NHS Clinical Commissioners (NHSCC) presented a manifesto calling for ‘urgent action to support CCGs’ at its annual members' event.
The event, attended by over 200 CCGs, exhibited clinician-led initiatives to improve patient care across England.
This included the work of three Norfolk CCGs who are developing Operation Domino, an urgent care initiative that has drastically reduced ambulance waiting times.
Budget raids undermine CCGs
But raids on CCG budgets and confusion over competition rules are undermining the groups’ efforts to improve services, the manifesto warns.
‘In-year budget cuts create real difficulties for CCGs to plan local allocations of resource to fund population health improvement,’ it claims.
The manifesto is split into eight ‘critical asks’, calling for greater investment in CCGs from the NHS, an increase in the freedom of clinical commissioners and financial incentives to allow a continuation of NHS reforms.
Dr Amanda Doyle, co-chairwoman of the NHSCC leadership group called for politicians to stay true to the 2011 NHS reforms and empower CCGs.
‘The intention of the NHS reforms was to put local clinical experts at the heart of local decision making. We want politicians to trust in those original ambitions and give clinicians the freedom and space to work with their local community to determine the best outcomes for their patients,’ she said.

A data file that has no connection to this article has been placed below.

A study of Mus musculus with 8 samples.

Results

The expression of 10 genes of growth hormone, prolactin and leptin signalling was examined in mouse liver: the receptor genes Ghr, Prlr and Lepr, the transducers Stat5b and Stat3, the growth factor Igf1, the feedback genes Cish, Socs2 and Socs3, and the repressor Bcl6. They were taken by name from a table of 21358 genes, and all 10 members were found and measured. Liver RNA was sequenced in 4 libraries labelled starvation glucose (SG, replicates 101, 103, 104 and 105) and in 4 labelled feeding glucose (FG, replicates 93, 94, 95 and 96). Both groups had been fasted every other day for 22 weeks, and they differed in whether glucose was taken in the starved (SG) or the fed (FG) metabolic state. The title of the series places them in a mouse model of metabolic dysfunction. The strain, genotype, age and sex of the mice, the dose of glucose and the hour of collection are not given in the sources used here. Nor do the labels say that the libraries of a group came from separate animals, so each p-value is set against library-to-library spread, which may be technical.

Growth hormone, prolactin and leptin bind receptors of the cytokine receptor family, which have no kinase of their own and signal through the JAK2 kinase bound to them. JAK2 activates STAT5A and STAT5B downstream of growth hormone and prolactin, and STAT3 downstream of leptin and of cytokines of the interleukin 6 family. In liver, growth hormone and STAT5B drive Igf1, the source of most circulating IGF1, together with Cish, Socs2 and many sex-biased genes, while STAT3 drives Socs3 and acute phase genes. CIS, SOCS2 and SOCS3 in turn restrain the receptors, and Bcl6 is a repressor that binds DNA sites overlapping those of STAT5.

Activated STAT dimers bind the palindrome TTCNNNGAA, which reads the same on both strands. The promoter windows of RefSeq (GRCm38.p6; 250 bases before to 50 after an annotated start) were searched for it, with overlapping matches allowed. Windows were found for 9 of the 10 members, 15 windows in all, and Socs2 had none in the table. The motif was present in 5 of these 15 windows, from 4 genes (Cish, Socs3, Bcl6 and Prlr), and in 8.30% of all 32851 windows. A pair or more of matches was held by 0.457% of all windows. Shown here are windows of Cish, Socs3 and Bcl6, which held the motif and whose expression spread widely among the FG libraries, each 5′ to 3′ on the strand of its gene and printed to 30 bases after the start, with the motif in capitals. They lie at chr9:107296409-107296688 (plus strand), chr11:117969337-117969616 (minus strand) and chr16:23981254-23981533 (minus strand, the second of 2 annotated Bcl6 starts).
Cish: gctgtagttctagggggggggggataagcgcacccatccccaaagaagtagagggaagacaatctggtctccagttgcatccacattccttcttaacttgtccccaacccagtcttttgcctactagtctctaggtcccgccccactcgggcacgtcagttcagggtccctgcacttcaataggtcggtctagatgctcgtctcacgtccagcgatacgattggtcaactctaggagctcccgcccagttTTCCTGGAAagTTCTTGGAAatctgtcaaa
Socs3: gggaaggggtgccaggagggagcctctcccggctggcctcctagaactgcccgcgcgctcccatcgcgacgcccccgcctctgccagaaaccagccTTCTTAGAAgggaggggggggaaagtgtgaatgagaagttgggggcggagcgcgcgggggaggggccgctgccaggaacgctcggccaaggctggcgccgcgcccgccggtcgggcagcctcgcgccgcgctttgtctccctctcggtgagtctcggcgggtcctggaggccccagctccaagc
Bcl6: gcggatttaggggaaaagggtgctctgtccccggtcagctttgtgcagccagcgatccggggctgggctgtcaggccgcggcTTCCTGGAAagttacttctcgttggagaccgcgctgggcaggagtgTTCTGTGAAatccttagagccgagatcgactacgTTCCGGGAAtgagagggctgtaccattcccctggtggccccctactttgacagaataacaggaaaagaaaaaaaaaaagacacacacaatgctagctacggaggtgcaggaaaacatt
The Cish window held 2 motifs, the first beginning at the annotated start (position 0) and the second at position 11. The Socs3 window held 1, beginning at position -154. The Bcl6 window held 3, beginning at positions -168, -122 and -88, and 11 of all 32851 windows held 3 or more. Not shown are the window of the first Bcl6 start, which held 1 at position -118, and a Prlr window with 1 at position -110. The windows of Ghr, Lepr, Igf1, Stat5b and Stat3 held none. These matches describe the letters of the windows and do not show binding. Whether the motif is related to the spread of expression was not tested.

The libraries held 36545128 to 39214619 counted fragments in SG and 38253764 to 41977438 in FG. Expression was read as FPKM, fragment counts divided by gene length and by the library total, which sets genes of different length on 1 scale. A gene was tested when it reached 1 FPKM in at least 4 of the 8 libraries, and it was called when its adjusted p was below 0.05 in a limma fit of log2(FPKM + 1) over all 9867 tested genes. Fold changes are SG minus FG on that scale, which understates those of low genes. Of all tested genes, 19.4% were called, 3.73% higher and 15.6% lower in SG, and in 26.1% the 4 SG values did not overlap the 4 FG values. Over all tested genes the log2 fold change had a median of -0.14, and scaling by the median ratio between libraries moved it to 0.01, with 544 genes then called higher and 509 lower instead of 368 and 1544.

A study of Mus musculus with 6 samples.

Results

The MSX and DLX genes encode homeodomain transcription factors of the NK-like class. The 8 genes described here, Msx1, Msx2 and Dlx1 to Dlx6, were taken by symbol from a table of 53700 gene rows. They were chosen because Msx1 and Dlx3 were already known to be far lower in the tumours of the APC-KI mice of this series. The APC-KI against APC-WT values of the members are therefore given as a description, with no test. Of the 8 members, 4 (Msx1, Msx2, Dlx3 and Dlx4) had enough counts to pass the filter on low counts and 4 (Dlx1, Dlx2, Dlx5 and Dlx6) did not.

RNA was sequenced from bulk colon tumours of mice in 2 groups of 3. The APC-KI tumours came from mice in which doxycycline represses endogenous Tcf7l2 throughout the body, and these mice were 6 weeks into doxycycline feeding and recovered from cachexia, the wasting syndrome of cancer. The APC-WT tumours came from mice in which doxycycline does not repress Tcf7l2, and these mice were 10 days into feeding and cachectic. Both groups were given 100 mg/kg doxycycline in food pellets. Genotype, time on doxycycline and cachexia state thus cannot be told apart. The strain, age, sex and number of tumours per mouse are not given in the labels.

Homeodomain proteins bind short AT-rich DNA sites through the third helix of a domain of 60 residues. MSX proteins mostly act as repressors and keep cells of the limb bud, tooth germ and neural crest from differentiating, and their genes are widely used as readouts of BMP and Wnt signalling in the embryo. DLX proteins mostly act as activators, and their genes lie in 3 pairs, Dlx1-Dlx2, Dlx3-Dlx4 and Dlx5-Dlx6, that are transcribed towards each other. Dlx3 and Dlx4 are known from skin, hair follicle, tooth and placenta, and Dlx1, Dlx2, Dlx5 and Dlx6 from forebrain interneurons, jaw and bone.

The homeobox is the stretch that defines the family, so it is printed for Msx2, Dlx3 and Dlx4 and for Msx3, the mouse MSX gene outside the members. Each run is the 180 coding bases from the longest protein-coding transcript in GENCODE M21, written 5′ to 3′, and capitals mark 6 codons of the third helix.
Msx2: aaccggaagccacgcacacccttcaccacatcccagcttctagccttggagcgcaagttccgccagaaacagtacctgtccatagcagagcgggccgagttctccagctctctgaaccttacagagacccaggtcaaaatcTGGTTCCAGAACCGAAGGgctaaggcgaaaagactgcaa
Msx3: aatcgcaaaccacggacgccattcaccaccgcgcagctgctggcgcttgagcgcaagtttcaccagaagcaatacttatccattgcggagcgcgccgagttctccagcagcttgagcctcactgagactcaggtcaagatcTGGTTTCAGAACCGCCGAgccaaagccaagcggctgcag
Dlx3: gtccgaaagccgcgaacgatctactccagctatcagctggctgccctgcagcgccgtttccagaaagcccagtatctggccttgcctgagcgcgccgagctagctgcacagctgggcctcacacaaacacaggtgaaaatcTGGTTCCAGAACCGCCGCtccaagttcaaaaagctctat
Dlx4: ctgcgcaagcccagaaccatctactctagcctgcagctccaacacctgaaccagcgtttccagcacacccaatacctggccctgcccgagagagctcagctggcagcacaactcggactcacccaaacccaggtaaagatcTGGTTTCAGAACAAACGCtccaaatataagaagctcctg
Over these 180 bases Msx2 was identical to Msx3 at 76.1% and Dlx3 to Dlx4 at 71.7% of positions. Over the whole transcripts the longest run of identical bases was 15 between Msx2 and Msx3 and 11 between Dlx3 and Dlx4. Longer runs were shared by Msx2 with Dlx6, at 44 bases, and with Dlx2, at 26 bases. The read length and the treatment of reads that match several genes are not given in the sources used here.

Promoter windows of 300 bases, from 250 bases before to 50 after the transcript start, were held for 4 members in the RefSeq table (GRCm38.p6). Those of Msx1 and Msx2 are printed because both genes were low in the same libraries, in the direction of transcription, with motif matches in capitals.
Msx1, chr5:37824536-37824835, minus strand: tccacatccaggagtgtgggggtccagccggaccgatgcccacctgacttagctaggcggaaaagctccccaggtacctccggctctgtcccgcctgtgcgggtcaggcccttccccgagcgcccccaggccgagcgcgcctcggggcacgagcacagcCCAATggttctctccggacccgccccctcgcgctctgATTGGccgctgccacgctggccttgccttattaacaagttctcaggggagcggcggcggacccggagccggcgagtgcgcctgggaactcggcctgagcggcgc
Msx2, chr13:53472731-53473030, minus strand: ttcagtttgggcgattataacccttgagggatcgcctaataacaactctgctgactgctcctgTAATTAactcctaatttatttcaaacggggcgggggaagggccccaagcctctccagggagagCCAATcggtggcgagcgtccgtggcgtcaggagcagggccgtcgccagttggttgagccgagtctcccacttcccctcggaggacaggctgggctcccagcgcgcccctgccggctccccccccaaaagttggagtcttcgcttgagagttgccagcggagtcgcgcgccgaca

Wider CCG role
The manifesto will also look to increase CCGs’ role to include national commissioning and make them ‘strategic drivers’ in commissioning out-of-hospital and non-specialised care.
Dr Steve Kell, co-chairman of the NHSCC leadership group, said: ‘If we are going to transform services locally for the benefit of patients, CCGs must be at the centre of decision making because they hold those vital relationships at the local level which are the key to truly unlocking change.’
The NHSCC manifesto says CCGs are making headway in tackling NHS financial problems and coping with the ageing population.
‘CCGs are already securing demonstrable advances in service quality and care pathways that are improving outcomes for patients, local populations and saving money,’ it says. ‘While relatively young organisations, they have strong ambition to achieve much more.’